Spiritual combat

The older I become the more quickly Lent seems to roll around. But with advancing years, I also find myself taking this grace-filled season of repentance more seriously.

When I was younger, I imagined myself to be invincible. Of course, I knew that someday I’d grow old and that my earthly life would be over – but that seemed far off in the future. To be sure, my imagined invincibility did not express itself in a wild and crazy lifestyle. Instead, it was expressed in what seemed like a nearly endless capacity for work. There just weren’t enough hours in the day for all that I wanted to do or thought I needed to do – whether in my studies or my ministry.

Naturally I went to Mass, received the sacrament of reconciliation and prayed, asking for and preaching about God’s grace and mercy. But deep down, I harbored the persistent thought that if there was anything important that had to be done, I had better roll up my sleeves.

I knew from my studies that such an attitude doesn’t square with our Catholic faith. It’s actually a heresy and it has a name: Pelagianism. Pelagius hailed from the 5th century. To him is ascribed the view that we are able to obey the commandments through the natural powers of our will so long as we are enlightened by the teaching of the Gospel. The problem with this outlook is that it fails to take into account human weakness as well as our need for God’s mercy and the grace of the Holy Spirit.

In various ways the Lord tried to dislodge Pelagian attitudes from my heart but I resisted, and sometimes still resist. Among other things, this badly exaggerated “can-do” attitude is symptomatic of the sin of pride that played such a devastating role at the dawn of human history.

For some souls it is sufficient that God whispers. For others, God has to use a megaphone. At times, I’m among the latter. The Lord certainly sent me lots of gentle signals, including good and patient spiritual directors, hints that my health, while good, is by no means invulnerable; the witness of good and holy people who spoke of their utter reliance on the Lord and his mercy. All those things were nudges in the right direction.

But some years ago, I think the Lord decided to beat me at my own game. He ladled out so much work and such great problems that I had to face the fact that my exaggerated self-reliance was both foolish and untenable. I was up against things I couldn’t handle, things larger than my limited abilities, things out of my control. That was God’s megaphone in my ear: “You need me!” he seemed to be saying.

And it all came home to me in a little Scripture passage from Ephesians where St. Paul wrote: “For the struggle is not against enemies of blood and flesh, but against the rulers, against the authorities, against the cosmic powers of this present darkness, against the spiritual forces of evil in the heavenly places” (Eph 6:12).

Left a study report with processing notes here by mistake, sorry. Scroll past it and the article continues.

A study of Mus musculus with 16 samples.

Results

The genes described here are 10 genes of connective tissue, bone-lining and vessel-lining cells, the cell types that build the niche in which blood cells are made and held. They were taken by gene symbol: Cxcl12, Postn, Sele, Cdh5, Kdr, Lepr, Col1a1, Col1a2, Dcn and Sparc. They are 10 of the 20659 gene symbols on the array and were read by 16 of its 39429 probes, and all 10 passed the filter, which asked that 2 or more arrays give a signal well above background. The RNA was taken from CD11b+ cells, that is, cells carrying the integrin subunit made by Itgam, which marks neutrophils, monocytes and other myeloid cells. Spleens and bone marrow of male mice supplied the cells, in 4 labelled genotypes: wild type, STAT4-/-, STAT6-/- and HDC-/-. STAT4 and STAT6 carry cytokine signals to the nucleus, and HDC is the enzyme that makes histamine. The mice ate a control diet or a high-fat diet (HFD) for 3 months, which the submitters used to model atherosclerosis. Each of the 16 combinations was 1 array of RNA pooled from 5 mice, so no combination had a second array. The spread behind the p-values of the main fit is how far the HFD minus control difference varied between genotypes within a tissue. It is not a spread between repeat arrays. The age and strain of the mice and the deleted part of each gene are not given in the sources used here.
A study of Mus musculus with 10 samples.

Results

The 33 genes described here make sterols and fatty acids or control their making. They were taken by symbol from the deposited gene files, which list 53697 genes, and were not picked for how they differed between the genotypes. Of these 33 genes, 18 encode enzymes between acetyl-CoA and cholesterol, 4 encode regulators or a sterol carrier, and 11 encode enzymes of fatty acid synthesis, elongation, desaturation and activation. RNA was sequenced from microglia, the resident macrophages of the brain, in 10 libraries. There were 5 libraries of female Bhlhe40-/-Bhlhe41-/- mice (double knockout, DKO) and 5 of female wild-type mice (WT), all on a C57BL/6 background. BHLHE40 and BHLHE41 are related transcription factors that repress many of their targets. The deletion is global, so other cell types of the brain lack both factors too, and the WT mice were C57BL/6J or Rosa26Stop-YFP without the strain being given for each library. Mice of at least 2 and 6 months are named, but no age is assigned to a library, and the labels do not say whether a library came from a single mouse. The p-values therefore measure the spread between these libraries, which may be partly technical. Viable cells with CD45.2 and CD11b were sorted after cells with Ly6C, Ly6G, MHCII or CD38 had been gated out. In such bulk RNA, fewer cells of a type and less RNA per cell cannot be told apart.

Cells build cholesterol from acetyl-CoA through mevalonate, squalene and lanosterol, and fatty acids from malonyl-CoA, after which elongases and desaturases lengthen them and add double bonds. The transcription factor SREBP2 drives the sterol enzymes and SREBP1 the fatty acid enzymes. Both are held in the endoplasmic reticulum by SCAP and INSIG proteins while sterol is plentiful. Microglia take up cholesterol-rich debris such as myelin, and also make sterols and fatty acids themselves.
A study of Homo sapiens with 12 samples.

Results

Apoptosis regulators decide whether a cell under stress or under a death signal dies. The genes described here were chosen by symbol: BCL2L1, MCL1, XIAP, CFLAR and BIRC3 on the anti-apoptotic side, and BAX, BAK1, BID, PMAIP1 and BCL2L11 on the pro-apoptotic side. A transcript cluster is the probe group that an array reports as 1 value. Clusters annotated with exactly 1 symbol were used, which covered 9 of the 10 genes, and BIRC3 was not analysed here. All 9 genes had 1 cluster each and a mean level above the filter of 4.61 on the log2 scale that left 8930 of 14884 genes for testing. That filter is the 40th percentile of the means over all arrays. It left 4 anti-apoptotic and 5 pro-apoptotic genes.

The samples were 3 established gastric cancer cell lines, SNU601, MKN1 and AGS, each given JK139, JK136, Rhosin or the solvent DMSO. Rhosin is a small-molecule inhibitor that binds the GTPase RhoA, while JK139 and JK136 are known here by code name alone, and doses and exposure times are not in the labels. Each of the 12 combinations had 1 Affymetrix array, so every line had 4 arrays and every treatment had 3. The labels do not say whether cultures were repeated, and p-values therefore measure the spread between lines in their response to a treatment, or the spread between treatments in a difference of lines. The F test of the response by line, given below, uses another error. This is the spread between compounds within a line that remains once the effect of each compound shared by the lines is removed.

In my own life and ministry, I was engaged in spiritual warfare against the forces of evil. But in failing to rely utterly on the grace of the Holy Spirit, I was entering into heavy battle with the lightest of armor – my own imperfect efforts. Instead, I needed to “put on the armor of God” (Eph 6:11).

That does not mean that I no longer worked hard or that I gave up the very human struggle to attain virtue. It does mean that I can no longer cling to past illusions about my personal efficacy in the face of such formidable opposition. Rather, I must rely utterly on the Lord and the grace of the Holy Spirit to drive from me and from the church the forces of evil.

Lent is not merely a season for self-improvement or self-denial. No, it begins with Satan’s tempting Jesus in the desert. Jesus engages in mortal combat with Satan and for our sakes wins the victory. Lent is a time when we lay aside illusions and, through the grace of the Holy Spirit, “fight the good fight and run the race” (2 Tim, 4:7). ●

Archbishop William E. Lori

Archbishop William E. Lori

Archbishop William E. Lori was installed as the 16th Archbishop of Baltimore May 16, 2012.

Prior to his appointment to Baltimore, Archbishop Lori served as Bishop of the Diocese of Bridgeport, Conn., from 2001 to 2012 and as Auxiliary Bishop of the Archdiocese of Washington from 1995 to 2001.

A native of Louisville, Ky., Archbishop Lori holds a bachelor's degree from the Seminary of St. Pius X in Erlanger, Ky., a master's degree from Mount St. Mary's Seminary in Emmitsburg and a doctorate in sacred theology from The Catholic University of America. He was ordained to the priesthood for the Archdiocese of Washington in 1977.

In addition to his responsibilities in the Archdiocese of Baltimore, Archbishop Lori serves as Supreme Chaplain of the Knights of Columbus and is the former chairman of the U.S. Conference of Catholic Bishops' Ad Hoc Committee for Religious Liberty.